Quantum Ransomware – Quick Questions

Quantum Ransomware – Quick Questions

May 2, 2022 | Data & Cybersecurity

quantum ransomware

Another ransomware attack is garnering a lot of attention. Not because the perpetrators want an astonishing amount of crypto, or because they’re threatening to disrupt commerce across an entire country, but because the threat actors went from infecting the victim’s system to encrypting it in less than four hours.

To be precise, the Quantum Ransomware attack took just three hours and forty-four minutes from the time an employee was phished until the threat actors established a complete domain-wide lockdown.

With one of the fastest TTR (Time To Ransom) recently observed, the speed and efficiency of this attack makes it especially concerning. Still, there is a bright side, which is the method used in this attack is becoming increasingly identifiable (see the DFIR Report for a breakdown of its execution), which in turn increases the ability of organizations to quickly detect and respond.

What Is Quantum Ransomware?

Quantum is a Latin root meaning sum or amount – think of close relative “quantity.” In our modern lexicon (quantum physics, quantum mechanics, quantum computing), “quantum” indicates the smallest possible discrete unit of any physical property. Energy. Matter. But, quantum ransomware is so named not because of the discrete amount of time the attack takes – but for how the malware rewrites quantum files.

How Do I Identify Ransomware Attacks Quickly?

Given the speed of this attack, organizations should be looking at ways to identify attacks quickly. Nasser Fattah, Shared Assessments Senior Advisor, says that “Having an established baseline as to what is ‘normally’ expected on computers and networks will greatly help… for example, trying to extract credentials from a computer’s memory is not typical regular end-user activity, nor is attempting to connect to other machines or servers using RDP protocols.” Fattah says these kinds of activities should be considered suspicious and monitored accordingly.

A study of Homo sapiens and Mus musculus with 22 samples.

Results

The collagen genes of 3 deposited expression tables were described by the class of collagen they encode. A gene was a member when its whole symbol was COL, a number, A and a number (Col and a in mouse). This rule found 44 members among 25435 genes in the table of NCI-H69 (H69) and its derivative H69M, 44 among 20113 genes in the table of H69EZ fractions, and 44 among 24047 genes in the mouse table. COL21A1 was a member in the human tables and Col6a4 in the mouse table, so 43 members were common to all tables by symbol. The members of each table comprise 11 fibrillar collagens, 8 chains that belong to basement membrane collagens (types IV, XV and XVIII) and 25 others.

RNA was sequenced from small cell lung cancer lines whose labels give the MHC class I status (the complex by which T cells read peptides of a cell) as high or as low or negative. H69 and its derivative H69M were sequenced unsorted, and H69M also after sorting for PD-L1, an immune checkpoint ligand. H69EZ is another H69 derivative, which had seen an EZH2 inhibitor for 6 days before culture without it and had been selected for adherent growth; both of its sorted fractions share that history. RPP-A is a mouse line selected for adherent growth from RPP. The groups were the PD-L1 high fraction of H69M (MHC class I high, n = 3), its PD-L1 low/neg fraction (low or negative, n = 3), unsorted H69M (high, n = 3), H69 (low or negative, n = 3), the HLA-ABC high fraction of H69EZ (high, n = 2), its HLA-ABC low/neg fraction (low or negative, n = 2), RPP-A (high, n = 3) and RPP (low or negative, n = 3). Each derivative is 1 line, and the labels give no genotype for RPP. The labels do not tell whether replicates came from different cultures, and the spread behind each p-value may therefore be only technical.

Fattah also notes that government agencies at local, state, and federal levels may be especially susceptible to these kinds of attacks because they often use older technologies, may be underfunded, lacking technical resources including subject matter experts. Given the primary motive in ransomware attacks is financial gain, it would not be surprising for government agencies to become targets.

Why Is Multi Factor Authentication (MFA) Imperative?

As Shared Assessments Vice President Ron Bradley told Industrial Safety and Security Source (ISS Source) “The most recent Quantum Ransomware attack outlines the absolute imperative for turning on Multi Factor Authentication (MFA) for all systems, internal or external, which allows remote connections such as RDP, SSH, and others. This is true for private, public, and governmental sectors.”

Bradley continued, “Additionally, organizations should deploy Privileged Access Management (PAM) solutions whereby the administrators don’t even know the RDP or SSH passwords, rather they must go through the PAM solution to gain access. This allows for greater control including robust alerts, logging, and monitoring.”

Any Other Ransomware Trends I Should Be Aware Of?

On our blog, we recently explored trends in Ransomware As A Service (RaaS). We also consider the uptick in municipal ransomware attacks and the rise of phishing.

Mark Rudio

Mark enjoys writing about complex subjects in straightforward language. He was a well-known performing arts writer in the San Francisco Bay Area before moving to the East Coast in 2016. Since then he’s expanded his repertoire to include healthcare, transportation, 3PLs, and TPRM. His work has appeared in trade magazines, Humanities (the magazine of the National Endowment for the Humanities), and on his own award-winning blog.